Restaurant Review: La Gabbia
By Adam Clery on February 7, 2012 in Food
La Gabbia. It’s a contemporary Italian restaurant deep inside the Ouseburn Valley and, chances are, you’ve never heard of it. Anonymity is sought after by a lot of restaurants, and avoided at all costs by others, but La Gabbia seems to have carved out a uniqueness with theirs, despite it simply being a by-product of its location.
Situated on the corner of Boyd Street (that’s halfway up Stepney Bank and halfway between The Cluny and The Biscuit Factory), it’s a restaurant that’s about as “out of the way” as it’s possible to be this close to Newcastle City Centre. Not the easiest circumstances in which to carve out a business, but it’s one that means that those who do come trough their doors are as valued as they are accommodated.
It’s a thesis that’s reflected in the menu. It’s certainly not the biggest, but all the staples of a quality Italian are contained within. A few pizzas, pastas, chicken and fish dishes, vegetarian options and a choice of steaks etc. However visitors are briefed beforehand that if you want something else, or you want something added, taken away, altered in anyway, they’ll do their best to oblige you. “If it’s on the menu somewhere, there’s nothing stopping us using it”, music to the ears of fussy eaters.
That said though, it’s not a budget eatery. While there are certainly options for those not willing to splurge on a pricy meal (the pizzas in particular are good value at under £10) the main dishes will set you back in and around the £15 mark, and a fillet steak, which I regrettably wussed out of trying, weighs in at £23. I’m not saying that it’s overpriced mind you, whilst I certainly wouldn’t pay £7 for king prawns under normal circumstances, that’s exactly what I’d expect them to taste like if I did.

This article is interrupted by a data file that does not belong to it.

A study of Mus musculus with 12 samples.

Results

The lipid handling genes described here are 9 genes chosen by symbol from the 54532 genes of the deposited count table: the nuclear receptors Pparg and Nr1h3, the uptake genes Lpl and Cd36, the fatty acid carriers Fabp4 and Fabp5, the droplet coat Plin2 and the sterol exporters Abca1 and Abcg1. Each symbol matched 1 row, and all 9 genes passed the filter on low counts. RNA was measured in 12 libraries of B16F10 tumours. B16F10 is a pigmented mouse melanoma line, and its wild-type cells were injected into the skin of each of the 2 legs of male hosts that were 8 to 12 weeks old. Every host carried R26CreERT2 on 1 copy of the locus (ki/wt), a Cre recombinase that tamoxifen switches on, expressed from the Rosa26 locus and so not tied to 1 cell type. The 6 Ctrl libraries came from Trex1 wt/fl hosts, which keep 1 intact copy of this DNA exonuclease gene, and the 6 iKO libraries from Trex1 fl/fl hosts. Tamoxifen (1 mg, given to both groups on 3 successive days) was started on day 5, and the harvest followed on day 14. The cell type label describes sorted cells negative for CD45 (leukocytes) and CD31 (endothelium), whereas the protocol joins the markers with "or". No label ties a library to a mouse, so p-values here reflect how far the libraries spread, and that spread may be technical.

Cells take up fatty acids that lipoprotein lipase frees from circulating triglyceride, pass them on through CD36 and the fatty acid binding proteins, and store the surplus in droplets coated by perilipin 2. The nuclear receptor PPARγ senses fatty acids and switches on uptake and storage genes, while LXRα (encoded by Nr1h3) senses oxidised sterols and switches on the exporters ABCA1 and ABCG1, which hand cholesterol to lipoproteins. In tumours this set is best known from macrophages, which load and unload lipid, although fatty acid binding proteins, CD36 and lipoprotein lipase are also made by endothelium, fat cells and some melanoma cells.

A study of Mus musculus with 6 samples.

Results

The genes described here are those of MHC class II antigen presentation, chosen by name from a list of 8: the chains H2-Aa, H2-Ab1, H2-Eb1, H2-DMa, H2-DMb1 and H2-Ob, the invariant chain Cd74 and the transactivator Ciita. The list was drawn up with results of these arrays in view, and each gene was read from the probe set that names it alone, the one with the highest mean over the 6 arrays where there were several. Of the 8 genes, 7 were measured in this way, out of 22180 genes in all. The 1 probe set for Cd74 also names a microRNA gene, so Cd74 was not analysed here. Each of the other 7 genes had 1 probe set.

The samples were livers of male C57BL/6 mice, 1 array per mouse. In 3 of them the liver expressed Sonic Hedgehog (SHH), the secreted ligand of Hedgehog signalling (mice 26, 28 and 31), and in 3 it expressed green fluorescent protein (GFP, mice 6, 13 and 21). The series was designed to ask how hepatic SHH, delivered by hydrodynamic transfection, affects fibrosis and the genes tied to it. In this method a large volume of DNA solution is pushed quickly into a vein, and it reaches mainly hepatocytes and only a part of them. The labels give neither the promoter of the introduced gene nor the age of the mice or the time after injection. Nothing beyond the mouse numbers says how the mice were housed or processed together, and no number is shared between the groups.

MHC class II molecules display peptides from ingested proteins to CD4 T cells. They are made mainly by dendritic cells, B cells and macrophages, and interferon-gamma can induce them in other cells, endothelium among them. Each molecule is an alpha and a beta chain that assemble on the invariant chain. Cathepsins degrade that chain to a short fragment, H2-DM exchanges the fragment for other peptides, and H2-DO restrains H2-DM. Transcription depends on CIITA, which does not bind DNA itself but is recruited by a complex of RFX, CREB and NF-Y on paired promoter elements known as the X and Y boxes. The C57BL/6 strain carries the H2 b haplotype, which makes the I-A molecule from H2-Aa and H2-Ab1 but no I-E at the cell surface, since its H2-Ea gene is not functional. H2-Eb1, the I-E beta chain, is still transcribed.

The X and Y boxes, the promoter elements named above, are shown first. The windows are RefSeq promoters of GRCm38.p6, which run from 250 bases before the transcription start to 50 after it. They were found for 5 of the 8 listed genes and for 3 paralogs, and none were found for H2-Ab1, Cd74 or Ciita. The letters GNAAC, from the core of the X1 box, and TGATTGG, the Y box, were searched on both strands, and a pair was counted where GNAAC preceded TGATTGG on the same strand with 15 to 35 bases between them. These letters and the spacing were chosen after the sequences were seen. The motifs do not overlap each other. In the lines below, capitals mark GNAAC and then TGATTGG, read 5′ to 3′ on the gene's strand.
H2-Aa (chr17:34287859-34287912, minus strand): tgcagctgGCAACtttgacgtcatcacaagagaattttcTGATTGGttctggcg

You’re more than well looked after as well. The benefit of dining somewhere that isn’t victim to an onslaught of customers popping on a whim, is that there’s a far more personable level of hospitality on offer here. You’re greeted and seated as soon as you’re through the door, and the staff will happily shoot the shit with you while you decide what to drink. If you’ve ever wanted to know how ssssselebs feel when they dine out, this is a pretty good approximation. The special speil for the dessert menu at the end is worth going for alone.
Oh yes, the desserts. I’d never previously encountered a sweet pizza, but La Gabbia have two on the menu; chocolate and toffee. Both served folded over, a la a calzone, they’re the most brilliantly sickly things in existence, but in no way safe for consumption by one man alone. Get one, but get it to share.
All in all, La Gabbia definitely falls into the hidden gem category, but the absence of a bustling environment might put a number of people off. If you’re taking your own large group though, or you’re sick of having your order forgotten by uninterested staff who are spending more time watching the clock than they are the oven timer, then I doubt it’ll bother you one bit.
To call it a VIP experience is pushing it slightly, but it’s one of the few places I’ve been to where I thought my custom was genuinely appreciated. Being so out of the way means the very life blood of the restaurant will be repeat visits, so the best endorsement I can give is that I, for one, will be going back. If I can find it.